Vanda Pharmaceuticals(VNDA - Get Report) has awarded a $500,000 bonus to a mysterious "regulatory consultant" following the U.S. Food and Drug Administration acceptance of the approval submission for tasimelteon, the company's sleep disorder drug candidate.
The "regulatory consultant" -- who Vanda does not identify -- will also pick up a $2 million bonus from the company if FDA approves tasimelteon.
Low probability of that happening, but still, Vanda's hired gun has two million reasons to give tasimelteon's approval his best shot.
It's not unusual for small companies to seek outside help to better deal with FDA on drug approval issues. What is weird is paying the outside help a $500,000 bonus just because FDA accepted your drug filing -- a routine and expected occurrence.
Here's how Vanda describes its engagement with the consultant in its first-quarter SEC filing:
The Company has engaged a regulatory consultant to assist the Company's efforts to prepare, file and obtain FDA approval of an NDA for tasimelteon. As part of the engagement and subject to certain conditions, the Company would be obligated to make milestone payments upon the achievement of certain milestones, including $0.5 million in the event that the tasimelteon NDA is accepted for filing by the FDA and $2.0 million in the event that the tasimelteon NDA is approved by the FDA. In addition to consulting fees and milestone payments, the Company is obligated to reimburse the consultant for ordinary and necessary business expenses incurred in connection with the engagement. The Company may terminate the engagement at any time upon prior notice; however, subject to certain conditions, the Company will remain obligated to make some or all of the milestone payments if the milestones are achieved following such termination.
And here's Vanda confirming payment of the $500,000 bonus in its second-quarter SEC filing posted Wednesday:
As a result of achieving this regulatory milestone [FDA acceptance of the tasimelton NDA], we will incur certain costs in the third quarter of 2013 including a $3.0 million cash milestone obligation under our license agreement with BMS, a $0.5 million cash milestone obligation under a regulatory consulting agreement and additional non-cash stock-based compensation expense of $0.3 million for performance-based stock options and $0.2 million for performance-based RSUs awards. [Emphasis mine.]
Vanda's payment of the bonus is a material event for the company!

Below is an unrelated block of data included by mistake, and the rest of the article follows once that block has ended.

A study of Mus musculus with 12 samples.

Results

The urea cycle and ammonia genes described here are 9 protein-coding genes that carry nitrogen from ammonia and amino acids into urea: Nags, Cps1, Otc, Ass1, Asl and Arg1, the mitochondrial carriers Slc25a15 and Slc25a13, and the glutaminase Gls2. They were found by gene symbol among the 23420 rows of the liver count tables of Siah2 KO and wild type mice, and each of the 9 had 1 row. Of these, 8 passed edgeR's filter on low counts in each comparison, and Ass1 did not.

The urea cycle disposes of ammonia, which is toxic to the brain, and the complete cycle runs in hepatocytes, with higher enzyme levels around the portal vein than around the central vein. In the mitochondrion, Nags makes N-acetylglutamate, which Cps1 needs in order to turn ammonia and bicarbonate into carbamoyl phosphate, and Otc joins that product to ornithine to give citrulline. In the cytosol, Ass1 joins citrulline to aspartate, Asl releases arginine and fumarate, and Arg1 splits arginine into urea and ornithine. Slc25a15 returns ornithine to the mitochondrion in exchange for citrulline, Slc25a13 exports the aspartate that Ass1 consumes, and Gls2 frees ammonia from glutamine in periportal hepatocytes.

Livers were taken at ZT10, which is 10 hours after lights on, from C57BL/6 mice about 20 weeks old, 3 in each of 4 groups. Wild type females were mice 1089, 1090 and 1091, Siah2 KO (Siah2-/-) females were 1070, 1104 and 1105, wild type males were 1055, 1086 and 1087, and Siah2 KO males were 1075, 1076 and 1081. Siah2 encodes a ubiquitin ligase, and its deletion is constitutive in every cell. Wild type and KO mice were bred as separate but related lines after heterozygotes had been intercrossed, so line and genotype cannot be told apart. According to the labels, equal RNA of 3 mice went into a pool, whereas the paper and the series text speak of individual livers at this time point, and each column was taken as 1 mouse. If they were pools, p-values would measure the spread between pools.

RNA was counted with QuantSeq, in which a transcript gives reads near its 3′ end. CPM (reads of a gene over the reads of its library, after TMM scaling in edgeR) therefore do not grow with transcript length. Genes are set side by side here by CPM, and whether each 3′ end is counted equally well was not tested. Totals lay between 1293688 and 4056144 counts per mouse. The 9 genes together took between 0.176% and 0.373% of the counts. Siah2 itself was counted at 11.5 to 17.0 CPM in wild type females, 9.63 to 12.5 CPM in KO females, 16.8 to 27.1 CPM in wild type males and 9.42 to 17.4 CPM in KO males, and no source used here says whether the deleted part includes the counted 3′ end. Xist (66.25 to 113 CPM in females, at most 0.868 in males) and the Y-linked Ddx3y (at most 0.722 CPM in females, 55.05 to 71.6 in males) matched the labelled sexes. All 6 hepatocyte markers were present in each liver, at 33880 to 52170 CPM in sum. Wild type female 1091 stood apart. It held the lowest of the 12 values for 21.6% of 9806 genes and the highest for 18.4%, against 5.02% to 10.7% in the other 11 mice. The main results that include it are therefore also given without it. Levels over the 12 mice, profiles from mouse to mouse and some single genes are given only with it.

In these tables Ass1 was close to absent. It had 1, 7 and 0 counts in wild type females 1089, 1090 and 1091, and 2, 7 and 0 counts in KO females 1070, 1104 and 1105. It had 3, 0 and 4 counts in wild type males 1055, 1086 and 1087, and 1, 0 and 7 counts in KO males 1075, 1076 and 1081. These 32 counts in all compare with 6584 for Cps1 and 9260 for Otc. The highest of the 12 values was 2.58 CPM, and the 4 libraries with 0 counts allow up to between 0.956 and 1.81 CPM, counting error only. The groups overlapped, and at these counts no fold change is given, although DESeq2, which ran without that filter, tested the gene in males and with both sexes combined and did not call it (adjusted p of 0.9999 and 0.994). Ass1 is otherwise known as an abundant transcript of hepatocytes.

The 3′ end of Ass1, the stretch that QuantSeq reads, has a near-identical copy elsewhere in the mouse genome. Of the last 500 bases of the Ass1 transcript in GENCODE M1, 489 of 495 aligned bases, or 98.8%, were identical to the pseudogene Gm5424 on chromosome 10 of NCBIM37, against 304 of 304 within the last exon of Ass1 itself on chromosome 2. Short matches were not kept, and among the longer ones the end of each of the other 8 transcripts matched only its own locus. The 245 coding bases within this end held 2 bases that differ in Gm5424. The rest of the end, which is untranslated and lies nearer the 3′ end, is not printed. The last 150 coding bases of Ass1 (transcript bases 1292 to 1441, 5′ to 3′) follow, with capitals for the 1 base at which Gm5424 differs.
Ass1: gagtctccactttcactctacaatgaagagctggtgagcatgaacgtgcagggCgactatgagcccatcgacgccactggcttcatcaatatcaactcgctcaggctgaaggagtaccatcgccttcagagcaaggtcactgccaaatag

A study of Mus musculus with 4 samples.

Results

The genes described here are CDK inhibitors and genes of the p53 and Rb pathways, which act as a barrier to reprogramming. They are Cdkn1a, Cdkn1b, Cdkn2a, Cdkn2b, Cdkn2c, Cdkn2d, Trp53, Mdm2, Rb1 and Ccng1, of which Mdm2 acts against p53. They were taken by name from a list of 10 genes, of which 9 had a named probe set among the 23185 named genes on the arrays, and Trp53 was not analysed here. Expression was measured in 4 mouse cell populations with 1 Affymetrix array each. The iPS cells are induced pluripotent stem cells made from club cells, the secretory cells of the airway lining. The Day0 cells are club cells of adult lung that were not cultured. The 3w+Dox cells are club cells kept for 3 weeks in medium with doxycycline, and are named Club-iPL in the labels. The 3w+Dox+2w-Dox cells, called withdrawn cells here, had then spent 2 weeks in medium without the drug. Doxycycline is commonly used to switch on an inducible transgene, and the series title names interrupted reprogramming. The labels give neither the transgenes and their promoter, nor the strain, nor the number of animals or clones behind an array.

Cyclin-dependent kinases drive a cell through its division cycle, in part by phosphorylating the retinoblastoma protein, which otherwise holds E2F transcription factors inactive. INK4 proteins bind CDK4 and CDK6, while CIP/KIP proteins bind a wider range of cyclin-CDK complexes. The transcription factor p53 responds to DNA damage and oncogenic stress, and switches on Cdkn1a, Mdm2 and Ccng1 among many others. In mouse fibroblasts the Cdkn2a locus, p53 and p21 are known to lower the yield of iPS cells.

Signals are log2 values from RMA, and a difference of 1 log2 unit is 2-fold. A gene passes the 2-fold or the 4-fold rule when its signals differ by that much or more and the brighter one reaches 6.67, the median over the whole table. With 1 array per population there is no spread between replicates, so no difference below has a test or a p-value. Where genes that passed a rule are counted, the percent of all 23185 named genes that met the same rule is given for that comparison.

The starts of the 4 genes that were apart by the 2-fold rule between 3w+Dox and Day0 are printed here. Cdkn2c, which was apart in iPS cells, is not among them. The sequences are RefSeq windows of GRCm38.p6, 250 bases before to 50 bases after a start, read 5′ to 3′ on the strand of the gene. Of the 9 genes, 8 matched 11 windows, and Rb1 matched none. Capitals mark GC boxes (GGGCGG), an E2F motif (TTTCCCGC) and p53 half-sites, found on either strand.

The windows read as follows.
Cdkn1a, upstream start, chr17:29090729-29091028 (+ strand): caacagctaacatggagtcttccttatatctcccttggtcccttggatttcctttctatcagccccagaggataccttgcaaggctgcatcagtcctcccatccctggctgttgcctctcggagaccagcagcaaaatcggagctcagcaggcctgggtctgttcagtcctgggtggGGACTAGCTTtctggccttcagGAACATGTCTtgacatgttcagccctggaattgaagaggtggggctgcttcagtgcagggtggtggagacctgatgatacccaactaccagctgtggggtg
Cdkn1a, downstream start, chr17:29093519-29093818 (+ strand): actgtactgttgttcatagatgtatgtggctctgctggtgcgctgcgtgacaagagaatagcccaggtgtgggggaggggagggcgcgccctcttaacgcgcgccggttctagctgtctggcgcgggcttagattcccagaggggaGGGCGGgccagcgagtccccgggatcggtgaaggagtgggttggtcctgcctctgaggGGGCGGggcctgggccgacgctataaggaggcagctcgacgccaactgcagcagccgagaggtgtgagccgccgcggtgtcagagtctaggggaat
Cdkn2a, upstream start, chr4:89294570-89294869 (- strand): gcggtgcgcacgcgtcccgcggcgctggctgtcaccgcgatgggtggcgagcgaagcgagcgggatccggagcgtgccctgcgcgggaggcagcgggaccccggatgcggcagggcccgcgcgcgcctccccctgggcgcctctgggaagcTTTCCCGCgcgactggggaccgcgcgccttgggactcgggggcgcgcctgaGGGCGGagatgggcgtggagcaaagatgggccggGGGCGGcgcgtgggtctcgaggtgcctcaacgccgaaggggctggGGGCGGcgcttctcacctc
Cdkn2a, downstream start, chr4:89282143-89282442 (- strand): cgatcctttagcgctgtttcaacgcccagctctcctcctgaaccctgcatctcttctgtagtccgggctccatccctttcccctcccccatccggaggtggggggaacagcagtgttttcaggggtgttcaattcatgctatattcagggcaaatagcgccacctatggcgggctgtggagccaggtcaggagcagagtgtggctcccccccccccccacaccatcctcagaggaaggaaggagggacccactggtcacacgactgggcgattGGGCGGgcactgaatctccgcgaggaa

Vanda did not respond to questions, including why the company chooses to spend all this money on a regulatory consultant when a full-time regulatory person -- or even a regulatory team -- could be hired at a much lower cost.
The strategy has worked for Vanda in the past. After FDA rejected the schizophrenia drug Fanapt, Vanda "engaged" a regulatory consultant -- also never identified -- to assist the company in convincing the agency to change its mind. The FDA ultimately approved Fanapt and for his efforts, the regulatory consultant was paid a "success fee" totaling $6 million, according to Vanda's SEC filings.
Same consultant? Vanda isn't saying.
Whoever he (or she) is, convincing FDA to approve tasimelteon will be a difficult task considering the
many problems with the drug's clinical development. 1) The design of Vanda's primary phase III study changed numerous times, including a complete replacement of the primary endpoint just one month before study results were announced. 2) The replacement primary endpoint installed to assess tasimelteon's benefit was created by Vanda and has never been used before in sleep-drug clinical trials, nor was it endorsed by the FDA. 3) Vanda was forced to cut in half the patient enrollment into the tasimelteon clinical trials because totally blind patients with non-24 could not be identified. Even then, Vanda was only able to enroll patients by stretching the clinical definition of non-24. 4) Tasimelteon was only able to demonstrate a benefit for non-24 patients by combining data from two phase III studies. Despite Vanda's claims to the contrary, the phase III studies may have actually failed on their own.